Saturday, 26 September 2009

Financial Transaction Tax de facto in Pittsburgh Leaders’ Statement

France and Germany managed to get the financial transaction tax (FTT) proposal de facto into the Pittsburgh Declaration of the G20. The IMF is tasked to prepare for the next summit a report on instruments to make the financial industry "a fair and substantial contribution toward paying for any burdens associated with government interventions to repair the banking system" (point 16 of the Leaders’ Declaration).

“This is a positive step”, says WEED’s Peter Wahl. “As the head of the IMF, the French socialist Dominique Strauss Kahn, can be considered to be open to a Transaction Tax, we can expect that the proposal will be carried on. Not only Sarkozy but already Mitterand and Chirac were supporters of a similar tax, the Tobin Tax. The Tobin Tax, however, had only currency transactions as tax basis, whereas the Financial Transaction Tax (FTT) encompasses also bonds, equities, derivatives etc.

There is an extraordinary opportunity for civil society to make the FTT one of her prominent points to organize pressure from below in the time to come and to make the FTT not the solution for everything but a spearhead of campaigning.

The tax offers a lot of economic and politic leverage:
1. It has a regulatory potential. It contributes to curb speculation, will shrink the financial sector and thus contribute to breaking the dominance of finance over the whole economy and society.
2. It has a strong distributional or social equity dimension by making pay those, who were benefitting from the system and are responsible for the crash.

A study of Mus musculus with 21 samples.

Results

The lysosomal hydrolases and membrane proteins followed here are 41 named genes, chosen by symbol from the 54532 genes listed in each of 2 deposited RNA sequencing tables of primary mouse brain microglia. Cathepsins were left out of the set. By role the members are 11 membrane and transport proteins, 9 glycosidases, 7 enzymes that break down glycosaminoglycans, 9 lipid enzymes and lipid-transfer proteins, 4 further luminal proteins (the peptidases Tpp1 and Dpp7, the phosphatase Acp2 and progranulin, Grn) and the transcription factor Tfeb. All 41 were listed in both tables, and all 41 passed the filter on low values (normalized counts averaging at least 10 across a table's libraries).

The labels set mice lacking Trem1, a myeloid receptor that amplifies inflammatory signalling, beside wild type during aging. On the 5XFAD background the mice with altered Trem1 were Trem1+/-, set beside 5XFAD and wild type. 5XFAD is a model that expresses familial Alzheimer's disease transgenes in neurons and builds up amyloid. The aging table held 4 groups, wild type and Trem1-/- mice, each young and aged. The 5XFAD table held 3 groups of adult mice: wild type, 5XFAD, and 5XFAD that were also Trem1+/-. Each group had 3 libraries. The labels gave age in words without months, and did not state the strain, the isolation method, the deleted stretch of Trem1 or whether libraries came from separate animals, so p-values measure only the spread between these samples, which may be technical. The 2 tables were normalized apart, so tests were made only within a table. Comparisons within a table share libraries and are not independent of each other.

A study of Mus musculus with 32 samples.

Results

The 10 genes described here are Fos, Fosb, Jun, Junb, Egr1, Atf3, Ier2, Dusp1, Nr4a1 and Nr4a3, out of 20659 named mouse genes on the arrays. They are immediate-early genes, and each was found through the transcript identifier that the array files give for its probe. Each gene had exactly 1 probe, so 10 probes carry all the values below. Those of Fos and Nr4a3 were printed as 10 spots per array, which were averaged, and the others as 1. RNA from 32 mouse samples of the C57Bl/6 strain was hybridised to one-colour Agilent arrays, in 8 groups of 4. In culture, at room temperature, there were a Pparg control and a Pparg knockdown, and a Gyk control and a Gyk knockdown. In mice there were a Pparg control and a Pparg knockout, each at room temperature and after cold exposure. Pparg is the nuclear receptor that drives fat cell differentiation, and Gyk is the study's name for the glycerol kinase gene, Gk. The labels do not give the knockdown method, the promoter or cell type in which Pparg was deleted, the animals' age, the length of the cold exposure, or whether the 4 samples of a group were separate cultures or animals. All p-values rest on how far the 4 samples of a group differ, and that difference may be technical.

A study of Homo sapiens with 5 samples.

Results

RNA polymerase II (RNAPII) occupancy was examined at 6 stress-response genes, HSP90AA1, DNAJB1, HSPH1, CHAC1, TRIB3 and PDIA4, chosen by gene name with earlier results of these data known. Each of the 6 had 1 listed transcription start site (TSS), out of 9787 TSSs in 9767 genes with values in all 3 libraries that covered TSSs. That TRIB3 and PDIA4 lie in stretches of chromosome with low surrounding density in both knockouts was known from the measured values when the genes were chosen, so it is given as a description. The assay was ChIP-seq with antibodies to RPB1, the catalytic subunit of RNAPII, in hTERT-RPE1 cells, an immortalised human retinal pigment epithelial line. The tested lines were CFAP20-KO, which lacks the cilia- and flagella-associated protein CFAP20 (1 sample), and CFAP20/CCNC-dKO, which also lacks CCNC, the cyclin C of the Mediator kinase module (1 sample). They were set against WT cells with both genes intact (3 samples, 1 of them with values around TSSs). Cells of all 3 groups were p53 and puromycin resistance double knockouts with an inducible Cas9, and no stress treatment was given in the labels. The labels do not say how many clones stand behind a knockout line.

3. As the issue of public debt and who will pay for the bill off the crisis will be on top of the agenda in the coming years, with pressure to cut public expenditure and in particular social budgets, we have with the FTT a powerful tool to say "Let them pay for the crisis". The FTT is a powerful alternative in that respect.
4. There is a strong political momentum with Sarkozy, Merkel, Austria supporting the idea. Also the president of the EU Commission, Barroso, and commissioner Almunia are in favor, as well as the British foreign minister Miliband.
5. There are already a lot of allies in trade unions, churches and NGOs for a currency transaction tax and the media are acquainted with it.
6. There is already a lot of expertise, studies etc. on the issue on which we can build. So, we have not to start from scratch.

At the moment I see three main challenges:
a. All the new supporters of the FTT have an inbuilt self-destroying mechanism in the proposal: they all say that the proposal is only feasible on global level. This is wrong. Of course, it wold be nice to have the FTT globally, but it would already have a strong impact if it is implemented in one major currency zone, for instance the Euro zone. It is the same as with the Kyoto protocol, you can do something without the US having on board. We have to make this argument strong.
b. Civil society has to be flexible and to adjust its strategy to the new situation. This does not mean, that people give up their own agenda, but that we find ways to combine in an intelligent way with our usual work. We should not just do business as usual and try to reshuffle our agenda and resources.
c. Nobody of us loves the Merkels, Sarkozys e tutti quanti, and I know how difficult it is to admit that they could do something which is not per se an evil. But if there is such a clear split inside the elites we have to make those positions strong which have been ours since ten years, even if we Merkel and Sarkozy support it.”